Business Success Checklist For Corporate & Workplace Wellness Advisors


Wellness programs also often cost less than clinical intervention and keep employees healthier, rather than just “not sick.” But corporate wellness clients also present unique challenges and requirements.

1. Quantifying the payoff of wellness

While businesses ultimately want healthy employees, emotional appeals that strike a chord with consumers are less effective in selling to businesses. Businesses must justify decisions to owners and investors in terms of bottom line impact and measurable employee benefit. That means translating the benefits of your wellness program into fewer claims, greater productivity, and less workplace stress.

Your sales force must have the right data at its fingertips. And your business must provide periodic data underscoring the positive impact of your services.

2. Liability concerns

Corporate wellness clients often expect oversight of workplace programs by licensed healthcare professionals. It helps if your program has such credentials or can tap those of a closely associated business partner.

3. Cost and confidence

For many corporate clients, wellness is literally an investment in employee health. And even when you can justify and articulate your program’s payoffs in reduced risk or improved employee health, employers will always have an eye on reducing the cost and personal exposure associated with that investment.

You can keep the sales process moving by reassuring your prospect in concrete terms that you’ve “been there, done that” and that they deployment of your program won’t suddenly cost more or hit unexpected bumps in the road.

4. Competition

Understand that even if you don’t have competition, you have competition. Your client may decide that the investment in your program is too great for the anticipated payoff, in which case — even if you’re the only vendor at the table — you’re still competing with “not right now.”

But let’s suppose you do have competition. Make sure you look beyond the businesses in your own community to understand who that might be. Depending on the services your business provides, you may be competing with national and regional companies that focus exclusively on providing workplace wellness services to businesses.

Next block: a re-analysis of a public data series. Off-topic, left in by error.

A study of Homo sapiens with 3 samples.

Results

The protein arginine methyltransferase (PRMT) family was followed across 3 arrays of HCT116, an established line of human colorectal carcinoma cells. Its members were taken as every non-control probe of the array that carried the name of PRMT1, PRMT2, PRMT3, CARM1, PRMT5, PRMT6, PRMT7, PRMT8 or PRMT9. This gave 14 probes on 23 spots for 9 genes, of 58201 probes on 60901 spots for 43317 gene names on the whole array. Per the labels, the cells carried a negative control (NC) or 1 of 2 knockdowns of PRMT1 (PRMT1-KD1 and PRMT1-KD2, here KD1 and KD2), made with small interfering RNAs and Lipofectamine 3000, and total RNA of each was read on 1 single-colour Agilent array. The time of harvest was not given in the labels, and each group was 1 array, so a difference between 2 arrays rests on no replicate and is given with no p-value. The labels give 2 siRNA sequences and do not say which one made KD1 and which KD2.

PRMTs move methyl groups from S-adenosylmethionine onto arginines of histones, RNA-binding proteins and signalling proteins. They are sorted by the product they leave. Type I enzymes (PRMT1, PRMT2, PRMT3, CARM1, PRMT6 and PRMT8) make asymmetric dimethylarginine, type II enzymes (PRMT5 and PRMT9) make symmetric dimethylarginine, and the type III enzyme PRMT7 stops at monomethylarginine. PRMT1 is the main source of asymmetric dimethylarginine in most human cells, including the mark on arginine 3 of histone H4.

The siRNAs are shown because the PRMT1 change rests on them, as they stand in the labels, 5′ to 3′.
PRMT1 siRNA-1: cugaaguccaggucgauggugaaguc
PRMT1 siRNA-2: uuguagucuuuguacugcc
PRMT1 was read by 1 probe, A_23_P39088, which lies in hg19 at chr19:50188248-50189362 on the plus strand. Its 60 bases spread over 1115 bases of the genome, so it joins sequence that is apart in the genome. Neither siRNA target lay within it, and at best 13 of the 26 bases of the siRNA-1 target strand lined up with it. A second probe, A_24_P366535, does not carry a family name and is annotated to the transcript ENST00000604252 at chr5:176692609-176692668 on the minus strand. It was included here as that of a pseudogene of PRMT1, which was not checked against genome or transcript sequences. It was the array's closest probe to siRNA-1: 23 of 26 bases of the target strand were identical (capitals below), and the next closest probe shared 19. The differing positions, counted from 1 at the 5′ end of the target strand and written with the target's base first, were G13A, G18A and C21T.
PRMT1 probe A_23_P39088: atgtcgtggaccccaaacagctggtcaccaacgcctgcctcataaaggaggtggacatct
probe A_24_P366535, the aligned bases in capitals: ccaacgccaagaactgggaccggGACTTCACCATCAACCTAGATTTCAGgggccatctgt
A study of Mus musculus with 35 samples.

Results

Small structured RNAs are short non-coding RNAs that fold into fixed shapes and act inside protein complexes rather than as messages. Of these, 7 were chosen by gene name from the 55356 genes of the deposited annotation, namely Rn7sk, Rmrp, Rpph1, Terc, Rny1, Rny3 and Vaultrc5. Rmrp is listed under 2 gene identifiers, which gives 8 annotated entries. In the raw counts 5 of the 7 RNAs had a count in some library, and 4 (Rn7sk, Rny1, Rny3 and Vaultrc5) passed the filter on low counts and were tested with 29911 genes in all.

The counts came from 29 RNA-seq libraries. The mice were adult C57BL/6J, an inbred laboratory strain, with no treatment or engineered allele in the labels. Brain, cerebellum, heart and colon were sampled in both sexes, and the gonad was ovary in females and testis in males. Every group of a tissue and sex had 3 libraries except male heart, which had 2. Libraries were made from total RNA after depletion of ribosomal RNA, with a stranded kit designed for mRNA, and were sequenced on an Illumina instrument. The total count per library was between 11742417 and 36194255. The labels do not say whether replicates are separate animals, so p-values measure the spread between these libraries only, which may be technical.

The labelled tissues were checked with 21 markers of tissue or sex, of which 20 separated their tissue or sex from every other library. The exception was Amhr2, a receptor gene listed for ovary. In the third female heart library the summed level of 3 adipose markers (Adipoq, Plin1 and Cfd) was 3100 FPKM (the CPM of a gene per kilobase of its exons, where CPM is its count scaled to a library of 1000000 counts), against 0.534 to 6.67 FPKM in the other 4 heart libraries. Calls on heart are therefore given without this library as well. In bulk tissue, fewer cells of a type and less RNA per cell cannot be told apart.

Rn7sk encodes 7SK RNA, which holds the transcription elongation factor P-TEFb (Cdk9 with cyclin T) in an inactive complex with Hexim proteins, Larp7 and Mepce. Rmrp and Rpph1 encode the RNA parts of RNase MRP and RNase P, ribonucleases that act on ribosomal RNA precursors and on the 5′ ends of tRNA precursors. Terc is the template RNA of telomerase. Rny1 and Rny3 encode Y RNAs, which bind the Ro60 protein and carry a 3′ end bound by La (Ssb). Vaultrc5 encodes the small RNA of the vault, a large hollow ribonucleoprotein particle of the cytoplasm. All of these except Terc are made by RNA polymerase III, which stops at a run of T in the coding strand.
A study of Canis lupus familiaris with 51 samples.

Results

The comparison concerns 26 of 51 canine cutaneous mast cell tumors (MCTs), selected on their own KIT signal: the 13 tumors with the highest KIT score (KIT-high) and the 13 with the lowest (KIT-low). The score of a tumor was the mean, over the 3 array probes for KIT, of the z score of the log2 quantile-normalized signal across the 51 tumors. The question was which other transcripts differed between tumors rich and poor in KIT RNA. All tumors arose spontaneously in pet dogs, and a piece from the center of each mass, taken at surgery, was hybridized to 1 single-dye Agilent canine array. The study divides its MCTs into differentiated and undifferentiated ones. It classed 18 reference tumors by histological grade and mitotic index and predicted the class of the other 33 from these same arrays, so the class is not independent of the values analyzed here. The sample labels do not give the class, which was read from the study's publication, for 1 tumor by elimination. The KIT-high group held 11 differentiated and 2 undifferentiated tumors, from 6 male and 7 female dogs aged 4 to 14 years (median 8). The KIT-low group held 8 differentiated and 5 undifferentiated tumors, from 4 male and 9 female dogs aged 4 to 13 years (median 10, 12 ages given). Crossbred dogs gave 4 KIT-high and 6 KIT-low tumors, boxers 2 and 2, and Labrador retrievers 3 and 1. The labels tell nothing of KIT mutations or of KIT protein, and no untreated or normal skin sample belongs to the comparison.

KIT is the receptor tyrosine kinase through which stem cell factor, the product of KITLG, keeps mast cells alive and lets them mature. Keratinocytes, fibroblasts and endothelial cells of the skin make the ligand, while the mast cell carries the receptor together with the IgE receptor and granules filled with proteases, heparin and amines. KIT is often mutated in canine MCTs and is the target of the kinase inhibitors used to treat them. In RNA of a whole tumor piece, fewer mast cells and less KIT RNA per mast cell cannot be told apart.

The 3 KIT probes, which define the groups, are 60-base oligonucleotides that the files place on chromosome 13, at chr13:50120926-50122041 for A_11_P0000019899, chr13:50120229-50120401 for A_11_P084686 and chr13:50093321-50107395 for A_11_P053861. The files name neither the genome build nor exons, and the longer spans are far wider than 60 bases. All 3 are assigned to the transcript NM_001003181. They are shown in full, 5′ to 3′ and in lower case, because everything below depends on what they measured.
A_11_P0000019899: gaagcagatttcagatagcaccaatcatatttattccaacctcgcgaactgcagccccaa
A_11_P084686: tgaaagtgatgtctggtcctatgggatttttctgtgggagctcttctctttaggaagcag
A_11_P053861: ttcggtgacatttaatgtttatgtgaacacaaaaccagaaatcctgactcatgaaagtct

Also, don’t be afraid to look closely at your competitors. Understand their services and how they sell them. If you lose to them, understand why. While price may be a factor, first look closely at the focus, content, and professionalism of the sales efforts by your business.

5. Employer “pain points” and provider value

Rehashing the sales and marketing approaches that worked with consumers will simply not work when selling to businesses. Instead, focus on the “pain points” that your potential business customers are feeling. Make sure your sales presentation responds to those needs.

For example, if potential customers do offer traditional insurance, they’ll want to know that you can work effectively with the carrier. If they have employees in more than one location, they may also prefer wellness vendors who can also serve multiple locations. If they’ve tried one-off programs before, emphasize your relevant experience and let them know this isn’t your first time at the rodeo.

By keeping the focus on pain points, your value in addressing that pain will be top-of-mind, and price will be less of an issue.

6. Make sure your back office is ready

Expanding your services to employers often means an increase in customer capacity and business complexity. Make sure you’re ready for it. Your business may need to provide services for many more individuals than in the past. New regulatory considerations (HIPAA, for example) and other complexities may apply. Next, match business growth with your actual capacity to serve new customers. Overly rapid growth can compromise service quality and consistency, alienating existing customers. As you grow, monitor cost and effectiveness of key processes like customer service and customer billing.